Boston Bruins Fallout Of Not Trading Johnny Boychuk

Boston Bruins Fallout Of Not Trading Johnny Boychuk Two Years Ago

The Boston Bruins traded away Johnny Boychuk two years ago in exchange for two second-round draft picks. The trade was a very unpopular one at the time and it was masked as a “salary cap move”. In a defense-hungry NHL where right-handed blue-liners are a premium, it seems ridiculous to think that Boychuk was the best option for the Bruins to trade – especially given the minuscule return they got for him.

Just for fun, let’s look at the potential fall-out that would have occurred following a Dennis Seidenberg trade, rather than a Johnny Boychuk trade.

In a perfect world, the Boston Bruins don’t trade away Boychuk, but instead, trade Seidenberg, who happened to suffer a season-ending injury in Boychuk’s last season in Boston. Seidenberg managed to tear his ACL and MCL, which forced him out of action for the entire second-half of the season, which gave Boychuk the chance to play top-pairing minutes for the Bruins as opposed to the second-pairing minutes he was usually given.

As a member of the Boston Bruins, Boychuk was never a factor on the score-sheet. In his first season in Providence, the Edmonton-native managed to post 20 goals and 65 points in 78 games, but that never translated into NHL success as a member of the Bruins’ big club as his career high in Boston was five goals and 23 points in his final year with the club. prior to his 23 point-career high, Boychuk never recorded more than 16 points in a season.

After being traded to the New York Islanders, Boychuk showed an ability to score more (nine goals in each of his first two seasons with the Isles) as well as produce points more consistently with 35 and 25 points respectively. The increase in points in his last year in Boston and his first two years in New York can be directly attributed to his top-pairing role as opposed to his second-pairing role, and his power play time in New York also helps.

Dennis Seidenberg, on the other hand, has never fully recovered from his knee injury. While it’s true that Seidenberg played in all of the Bruins’ 82 games the following season, it was clear that the German-born defender was a shell of his former self. Injuries struck Seidenberg again during the 2015-16 season and limited him to only 61 games.

The Bruins’ would have been smart to trade away the older Dennis Seidenberg who was still considered a legitimate top-pairing defenseman prior to the 2014-15 season, even if the return would have been less than two second-round draft picks as a result of the concern for his injury. The result of trading away Seidenberg instead of Boychuk would have meant that the Bruins wouldn’t have had the picks to acquire Brett Connolly at that year’s trade deadline, and the team would have likely addressed a different trade route to help them towards a playoff appearance.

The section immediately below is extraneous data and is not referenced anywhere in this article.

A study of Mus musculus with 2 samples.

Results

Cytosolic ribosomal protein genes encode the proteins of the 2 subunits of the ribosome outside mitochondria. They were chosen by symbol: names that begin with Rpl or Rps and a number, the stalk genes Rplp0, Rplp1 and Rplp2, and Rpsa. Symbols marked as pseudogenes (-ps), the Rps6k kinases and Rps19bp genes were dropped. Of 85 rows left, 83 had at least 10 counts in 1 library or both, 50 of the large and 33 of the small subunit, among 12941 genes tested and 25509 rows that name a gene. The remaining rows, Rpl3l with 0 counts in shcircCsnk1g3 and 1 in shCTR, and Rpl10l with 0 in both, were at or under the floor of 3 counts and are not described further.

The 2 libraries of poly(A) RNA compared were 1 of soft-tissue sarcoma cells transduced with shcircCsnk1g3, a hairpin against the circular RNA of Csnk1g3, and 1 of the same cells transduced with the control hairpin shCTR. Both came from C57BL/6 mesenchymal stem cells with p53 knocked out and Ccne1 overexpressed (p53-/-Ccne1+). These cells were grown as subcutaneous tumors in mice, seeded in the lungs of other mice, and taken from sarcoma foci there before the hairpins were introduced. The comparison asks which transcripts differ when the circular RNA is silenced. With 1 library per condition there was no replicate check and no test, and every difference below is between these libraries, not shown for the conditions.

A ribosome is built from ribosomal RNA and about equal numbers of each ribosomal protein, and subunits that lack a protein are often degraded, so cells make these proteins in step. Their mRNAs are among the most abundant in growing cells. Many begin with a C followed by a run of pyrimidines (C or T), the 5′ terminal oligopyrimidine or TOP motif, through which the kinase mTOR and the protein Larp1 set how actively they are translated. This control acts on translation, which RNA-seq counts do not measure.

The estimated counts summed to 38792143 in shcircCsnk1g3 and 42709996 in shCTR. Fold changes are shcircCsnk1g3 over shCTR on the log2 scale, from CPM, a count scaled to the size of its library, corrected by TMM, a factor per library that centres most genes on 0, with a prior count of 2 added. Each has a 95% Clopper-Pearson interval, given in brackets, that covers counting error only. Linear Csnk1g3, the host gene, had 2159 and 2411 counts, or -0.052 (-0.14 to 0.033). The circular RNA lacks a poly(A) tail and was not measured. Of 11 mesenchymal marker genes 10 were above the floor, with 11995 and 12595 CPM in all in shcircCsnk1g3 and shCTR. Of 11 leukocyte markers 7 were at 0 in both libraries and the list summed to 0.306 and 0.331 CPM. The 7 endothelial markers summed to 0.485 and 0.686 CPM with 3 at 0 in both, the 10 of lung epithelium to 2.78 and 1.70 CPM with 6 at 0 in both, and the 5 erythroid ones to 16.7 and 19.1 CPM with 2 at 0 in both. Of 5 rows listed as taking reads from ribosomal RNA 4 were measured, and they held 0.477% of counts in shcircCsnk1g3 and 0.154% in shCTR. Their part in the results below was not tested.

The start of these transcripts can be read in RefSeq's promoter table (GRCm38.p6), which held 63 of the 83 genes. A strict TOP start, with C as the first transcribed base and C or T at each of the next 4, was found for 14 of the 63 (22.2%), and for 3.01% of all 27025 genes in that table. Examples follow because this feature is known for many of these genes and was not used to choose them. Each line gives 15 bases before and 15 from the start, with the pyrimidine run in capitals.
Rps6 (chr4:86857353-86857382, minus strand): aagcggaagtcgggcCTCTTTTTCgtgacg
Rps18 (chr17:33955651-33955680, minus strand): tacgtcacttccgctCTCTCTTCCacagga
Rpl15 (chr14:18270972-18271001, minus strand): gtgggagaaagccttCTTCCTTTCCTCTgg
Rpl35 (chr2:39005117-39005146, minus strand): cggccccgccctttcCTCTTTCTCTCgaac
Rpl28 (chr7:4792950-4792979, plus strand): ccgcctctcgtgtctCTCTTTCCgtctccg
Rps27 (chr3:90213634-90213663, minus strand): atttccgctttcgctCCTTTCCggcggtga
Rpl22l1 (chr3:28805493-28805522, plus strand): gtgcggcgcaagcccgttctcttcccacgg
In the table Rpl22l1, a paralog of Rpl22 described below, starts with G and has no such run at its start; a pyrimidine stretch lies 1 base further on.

Keeping Boychuk on the Bruins’ top-pairing would have kept some of the Bruins’ less experienced defenders outside of such high-pressure situations over the last two seasons, and the team would have also kept some of it’s tough mentality that they lost as a result of losing Milan Lucic, Johnny Boychuk, and Shawn Thornton in such a small time-span.

The Bruins might have actually made the playoffs over the last two seasons if they simply would have traded away Seidenberg instead of Lucic. In addition, they probably wouldn’t have signed both Adam McQuaid and Kevan Miller to such large contracts to simply sit on the Bruins bottom pairing as insurance policies due to their tough attitudes and gritty style of play.

The money spent on either Miller or McQuaid coupled with the subtraction of Seidenberg from the roster would have more than paid for Boychuk’s eventual seven year, $6,000,000 per season contract that he signed with the Islanders shortly after being traded. The length of the contract might have been worrisome for the Bruins, but given their willingness to extend worse defensemen for relatively worse cap-hits, Boychuk’s demands likely wouldn’t have been an issue.

As it stands, the Bruins did trade away Boychuk. He’s currently enjoying top-pairing minutes on an up-and-coming New York Islanders team that greatly appreciates his contributions to their franchise. The Boston Bruins, on the other hand, are paying Seidenberg $4,000,000 per season for the next two seasons. There has been contemplation of a Dennis Seidenberg buy-out as of late, which could have been avoided if the Bruins would have known then, what they know today.